Medical care continues to evolve as we learn more about the human body and new techniques and technologies are developed; this includes treatment of the cornea.

The cornea is the outermost protective layer of the eye and comprises five layers of tissue, which can become irritated or damaged and need treatment, which in more severe cases require surgery. Traditionally, corneal surgery required transplanting the entire cornea. That is no longer always the case. 

In April of this year a new corneal procedure was introduced at JHAH. Dr. Ashbala Khattak, JHAH corneal specialist, performed a Descemet Membrane Endothelial Keratoplasty (DMEK) procedure to correct only the innermost layer of the cornea—the endothelium.

DMEK is a minimally invasive procedure that provides a number of key benefits. In full corneal transplants up to 16 sutures are required. In DMEK, no sutures are required so patients feel less discomfort and the surface of the cornea is left intact “DMEK reduces the risk for complications, and since the surface is left uninterrupted, a patient’s vision improves in a matter of weeks compared to months or years with a traditional corneal transplant,” says Dr. Ramiz Al Hindi, Physician Manager, and head of the JHAH Ophthalmology Unit. “Another key benefit is that in the long-term, DMEK patients are much less likely to need glasses or contact lenses.”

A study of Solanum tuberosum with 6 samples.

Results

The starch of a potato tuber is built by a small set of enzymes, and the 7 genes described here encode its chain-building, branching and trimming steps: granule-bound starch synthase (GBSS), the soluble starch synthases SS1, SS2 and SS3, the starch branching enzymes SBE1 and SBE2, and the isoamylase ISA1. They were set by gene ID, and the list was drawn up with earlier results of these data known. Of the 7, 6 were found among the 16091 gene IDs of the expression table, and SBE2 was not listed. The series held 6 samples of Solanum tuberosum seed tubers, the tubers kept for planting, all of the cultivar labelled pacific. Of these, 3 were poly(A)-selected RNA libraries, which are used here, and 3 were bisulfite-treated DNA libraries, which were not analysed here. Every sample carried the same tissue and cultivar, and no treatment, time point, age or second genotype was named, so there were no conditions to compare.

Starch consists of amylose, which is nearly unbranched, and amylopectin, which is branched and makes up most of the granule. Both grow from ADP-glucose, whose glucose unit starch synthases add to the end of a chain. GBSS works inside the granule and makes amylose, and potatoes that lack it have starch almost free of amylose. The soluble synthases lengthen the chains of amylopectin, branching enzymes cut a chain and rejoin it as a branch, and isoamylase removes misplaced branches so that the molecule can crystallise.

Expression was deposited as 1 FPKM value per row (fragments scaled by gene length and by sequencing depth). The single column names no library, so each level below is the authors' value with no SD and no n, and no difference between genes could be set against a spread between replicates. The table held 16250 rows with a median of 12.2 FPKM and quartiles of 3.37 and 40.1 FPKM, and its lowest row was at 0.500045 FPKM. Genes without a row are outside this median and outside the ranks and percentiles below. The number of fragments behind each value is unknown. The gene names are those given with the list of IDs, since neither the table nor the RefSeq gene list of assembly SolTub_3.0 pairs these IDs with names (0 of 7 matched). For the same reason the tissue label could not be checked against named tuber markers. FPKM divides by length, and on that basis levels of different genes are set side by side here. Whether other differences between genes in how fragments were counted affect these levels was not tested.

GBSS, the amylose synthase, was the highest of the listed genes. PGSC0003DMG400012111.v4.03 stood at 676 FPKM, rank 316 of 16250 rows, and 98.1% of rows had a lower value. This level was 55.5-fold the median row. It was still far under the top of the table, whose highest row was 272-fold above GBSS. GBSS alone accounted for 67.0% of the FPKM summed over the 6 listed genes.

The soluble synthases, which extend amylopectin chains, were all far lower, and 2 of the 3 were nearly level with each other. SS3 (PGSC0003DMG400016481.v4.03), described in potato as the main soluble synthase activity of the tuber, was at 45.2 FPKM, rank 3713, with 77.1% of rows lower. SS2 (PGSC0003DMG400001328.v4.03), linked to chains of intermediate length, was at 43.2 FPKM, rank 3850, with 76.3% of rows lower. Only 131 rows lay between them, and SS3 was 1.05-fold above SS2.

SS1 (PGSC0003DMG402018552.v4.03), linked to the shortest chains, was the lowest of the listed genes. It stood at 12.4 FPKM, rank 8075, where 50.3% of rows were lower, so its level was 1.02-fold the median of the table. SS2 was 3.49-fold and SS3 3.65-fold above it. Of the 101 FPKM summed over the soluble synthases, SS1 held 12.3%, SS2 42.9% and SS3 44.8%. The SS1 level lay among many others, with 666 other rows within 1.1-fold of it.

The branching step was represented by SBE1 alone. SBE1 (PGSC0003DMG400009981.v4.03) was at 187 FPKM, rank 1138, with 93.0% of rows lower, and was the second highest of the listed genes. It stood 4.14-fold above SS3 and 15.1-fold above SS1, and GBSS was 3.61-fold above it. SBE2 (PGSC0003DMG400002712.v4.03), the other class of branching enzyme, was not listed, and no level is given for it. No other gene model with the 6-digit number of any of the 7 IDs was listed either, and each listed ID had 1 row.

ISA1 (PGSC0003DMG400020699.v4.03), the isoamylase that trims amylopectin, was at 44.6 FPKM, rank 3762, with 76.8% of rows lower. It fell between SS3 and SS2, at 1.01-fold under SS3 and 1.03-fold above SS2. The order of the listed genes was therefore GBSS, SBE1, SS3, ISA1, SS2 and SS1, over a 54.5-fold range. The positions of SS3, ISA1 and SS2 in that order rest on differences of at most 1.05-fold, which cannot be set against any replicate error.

Regardless of the benefits of DMEK over traditional techniques, all corneal surgeries require tissue transplant. “Obtaining corneal tissue can be difficult,” says Dr. Al Hindi. “We are working with the Saudi Center for Organ Transplant (SCOT)  to establish an Eye Bank at JHAH. Ours will be the first in the Eastern Province and will allow us to perform more corneal surgeries here at JHAH and ultimately provide corneal tissues to other hospitals in the area, so more people with advanced corneal problems can regain normal vision and resume more productive and healthy life.”